Oops. Guess what? Turns out no one wanted revolutionary. We all wanted those improvements, to be sure, but we wanted them delivered in a way that didn’t require redesigning and rewriting our applications, or limiting the devices we could use. Voila! Windows 3.0 brought us evolutionary OS advances, and we all know who won.
What does this have to do with cloud computing? Well, the same principle applies to cloud offerings today. The easier a platform or service is to adopt for existing applications and uses, the more popular it’s going to be, whereas the more it breaks with current practice, the less widespread its appeal.
Take Amazon’s (s amzn)EC2. A key part of its success has stemmed from a design that represents an evolutionary (not revolutionary) advance in IT deployment architecture. EC2 instances — virtual servers — run identically in most respects to servers in your data center. The major differences lie in how you acquire and pay for them. In that sense, EC2 represents a revolutionary business innovation coupled with an evolutionary technical innovation. The technical differences in EC2 instance behavior –- for instance, transient local disk storage — are small enough that developers can migrate applications with minimal changes. In order to achieve fully functioning deployments, additional design and operational capabilities have to be added (familiar territory to us at RightScale). But the starting point is pretty familiar.
Contrast that with another Amazon cloud service that’s more revolutionary in nature. It’s called SimpleDB, and it provides an expandable, fast data store that addresses the problem of scalability common to relational databases. The catch is that it does so at the cost of incompatibility with some common relational database functions, while adding traits that represent a big enough departure in design to limit the service’s appeal. In other words, it’s too revolutionary. From my observations, use of traditional relational databases in the cloud completely trumps usage of simple data stores.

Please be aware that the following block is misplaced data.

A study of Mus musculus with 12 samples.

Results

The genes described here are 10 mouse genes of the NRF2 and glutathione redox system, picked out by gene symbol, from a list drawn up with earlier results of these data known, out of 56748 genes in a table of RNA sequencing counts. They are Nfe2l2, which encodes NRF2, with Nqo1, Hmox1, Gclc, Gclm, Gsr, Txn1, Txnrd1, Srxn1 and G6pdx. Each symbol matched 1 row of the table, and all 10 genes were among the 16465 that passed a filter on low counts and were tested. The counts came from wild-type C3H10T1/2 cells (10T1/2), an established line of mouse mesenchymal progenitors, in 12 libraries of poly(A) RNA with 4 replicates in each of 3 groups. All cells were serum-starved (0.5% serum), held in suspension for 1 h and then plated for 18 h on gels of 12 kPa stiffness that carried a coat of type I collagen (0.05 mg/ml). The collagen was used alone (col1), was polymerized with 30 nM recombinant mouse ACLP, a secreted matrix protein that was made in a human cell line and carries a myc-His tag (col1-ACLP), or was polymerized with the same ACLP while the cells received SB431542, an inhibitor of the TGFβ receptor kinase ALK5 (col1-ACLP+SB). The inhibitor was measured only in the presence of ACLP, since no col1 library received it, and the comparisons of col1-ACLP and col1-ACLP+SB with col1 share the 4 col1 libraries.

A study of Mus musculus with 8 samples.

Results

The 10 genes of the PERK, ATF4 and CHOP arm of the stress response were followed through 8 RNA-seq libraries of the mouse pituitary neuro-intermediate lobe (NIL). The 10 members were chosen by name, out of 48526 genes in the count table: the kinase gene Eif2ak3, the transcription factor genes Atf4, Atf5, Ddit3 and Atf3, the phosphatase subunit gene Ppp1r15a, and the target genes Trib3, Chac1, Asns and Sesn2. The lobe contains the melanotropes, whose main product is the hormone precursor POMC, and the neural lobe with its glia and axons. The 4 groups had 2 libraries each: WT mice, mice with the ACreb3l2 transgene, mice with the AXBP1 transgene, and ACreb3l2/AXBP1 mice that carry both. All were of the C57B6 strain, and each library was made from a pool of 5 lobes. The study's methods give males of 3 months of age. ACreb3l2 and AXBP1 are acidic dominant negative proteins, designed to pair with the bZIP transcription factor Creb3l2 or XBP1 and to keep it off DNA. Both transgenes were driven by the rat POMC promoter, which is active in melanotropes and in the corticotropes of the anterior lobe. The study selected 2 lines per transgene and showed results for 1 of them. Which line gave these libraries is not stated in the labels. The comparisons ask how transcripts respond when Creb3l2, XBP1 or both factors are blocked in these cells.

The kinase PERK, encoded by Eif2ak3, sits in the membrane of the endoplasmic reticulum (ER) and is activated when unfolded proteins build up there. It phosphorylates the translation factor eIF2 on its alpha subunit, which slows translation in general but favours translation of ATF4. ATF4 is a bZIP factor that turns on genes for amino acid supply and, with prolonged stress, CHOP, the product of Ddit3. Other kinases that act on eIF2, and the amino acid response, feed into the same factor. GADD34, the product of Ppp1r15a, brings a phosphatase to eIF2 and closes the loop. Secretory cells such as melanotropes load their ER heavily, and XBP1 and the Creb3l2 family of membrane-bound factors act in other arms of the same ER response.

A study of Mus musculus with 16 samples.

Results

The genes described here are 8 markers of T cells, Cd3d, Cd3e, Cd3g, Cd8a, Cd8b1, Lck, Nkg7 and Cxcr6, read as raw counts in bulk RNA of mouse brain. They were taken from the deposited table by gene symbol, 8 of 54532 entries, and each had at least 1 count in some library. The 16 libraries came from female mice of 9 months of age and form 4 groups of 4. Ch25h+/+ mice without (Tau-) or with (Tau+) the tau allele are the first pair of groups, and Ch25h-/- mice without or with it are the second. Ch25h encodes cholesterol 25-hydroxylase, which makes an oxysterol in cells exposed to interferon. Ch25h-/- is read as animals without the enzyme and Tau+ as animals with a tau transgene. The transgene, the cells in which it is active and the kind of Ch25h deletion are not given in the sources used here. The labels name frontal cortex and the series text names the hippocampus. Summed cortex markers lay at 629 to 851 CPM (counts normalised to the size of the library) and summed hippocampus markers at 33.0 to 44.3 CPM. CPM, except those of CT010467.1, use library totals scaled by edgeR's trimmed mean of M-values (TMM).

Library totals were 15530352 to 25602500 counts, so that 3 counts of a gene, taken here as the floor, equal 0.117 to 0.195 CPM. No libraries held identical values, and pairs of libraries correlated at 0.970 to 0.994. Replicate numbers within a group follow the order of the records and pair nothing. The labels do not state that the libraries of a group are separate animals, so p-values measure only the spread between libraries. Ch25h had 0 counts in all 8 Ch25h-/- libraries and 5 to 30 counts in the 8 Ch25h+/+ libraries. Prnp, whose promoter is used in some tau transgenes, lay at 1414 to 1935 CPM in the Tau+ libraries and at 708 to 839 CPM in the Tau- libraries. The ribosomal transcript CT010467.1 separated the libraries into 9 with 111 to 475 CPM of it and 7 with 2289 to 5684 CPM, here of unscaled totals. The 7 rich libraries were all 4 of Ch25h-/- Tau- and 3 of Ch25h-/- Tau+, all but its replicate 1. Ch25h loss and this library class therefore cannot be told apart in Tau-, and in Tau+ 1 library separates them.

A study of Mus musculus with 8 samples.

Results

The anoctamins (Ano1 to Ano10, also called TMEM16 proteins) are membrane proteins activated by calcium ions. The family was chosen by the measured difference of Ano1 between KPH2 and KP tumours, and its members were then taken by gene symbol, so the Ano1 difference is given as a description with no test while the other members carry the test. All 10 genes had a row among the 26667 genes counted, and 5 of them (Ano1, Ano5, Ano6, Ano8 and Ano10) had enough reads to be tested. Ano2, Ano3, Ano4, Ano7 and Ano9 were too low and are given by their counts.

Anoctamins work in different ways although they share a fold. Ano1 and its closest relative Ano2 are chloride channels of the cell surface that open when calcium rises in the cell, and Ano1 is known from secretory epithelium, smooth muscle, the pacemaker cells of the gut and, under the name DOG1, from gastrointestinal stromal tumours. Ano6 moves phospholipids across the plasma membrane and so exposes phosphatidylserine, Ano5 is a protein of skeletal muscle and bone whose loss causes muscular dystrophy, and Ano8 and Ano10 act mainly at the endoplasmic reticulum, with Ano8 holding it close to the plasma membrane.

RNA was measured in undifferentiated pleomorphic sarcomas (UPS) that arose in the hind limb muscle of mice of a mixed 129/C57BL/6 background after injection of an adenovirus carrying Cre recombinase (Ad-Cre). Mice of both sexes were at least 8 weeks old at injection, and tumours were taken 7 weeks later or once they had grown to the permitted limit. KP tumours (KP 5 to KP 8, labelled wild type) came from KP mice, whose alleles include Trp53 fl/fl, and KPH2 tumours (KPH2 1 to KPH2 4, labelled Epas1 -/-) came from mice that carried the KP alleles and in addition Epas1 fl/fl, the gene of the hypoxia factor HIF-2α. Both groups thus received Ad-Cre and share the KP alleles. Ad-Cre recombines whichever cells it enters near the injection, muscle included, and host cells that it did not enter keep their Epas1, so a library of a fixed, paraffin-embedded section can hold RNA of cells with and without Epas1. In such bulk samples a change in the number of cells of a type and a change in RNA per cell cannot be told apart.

It’s interesting to review the list of cloud services — including those offered by Google (s goog), Sun (s java), Salesforce (s crm), Rackspace (s rax), GoGrid, Eucalpytus, VMware (s vmw) and Amazon — and rate them on the evolutionary/revolutionary scale. As an exercise, it reveals how easy it is for customers to start using these services effectively and, therefore, how quickly they will expand the cloud market.
That is not to say that revolutionary technology solutions aren’t useful or valuable. They are. But they’re unlikely to drive substantial market growth in the near term. Not surprisingly, some of the bigger hurdles to cloud adoption at present revolve not around cloud infrastructure technology, strictly speaking, but around departures from traditional data center models that are still perceived as too revolutionary from a business perspective. Security, governance and compliance are probably the most prominent examples, as detailed here, although that is changing fast.
At this stage in the development of the cloud computing market, the biggest opportunity lies in helping companies make evolutionary shifts to cloud architectures. That’s the low-hanging fruit for both customers and vendors alike. Relatively quick, easy success stories are the ones that stand out in the cloud market today, and are driving the business. The reason is simple: If you can take existing IT requirements and fulfill them with a system that is both more agile and less expensive but doesn’t require major changes to your applications, that’s revolutionary.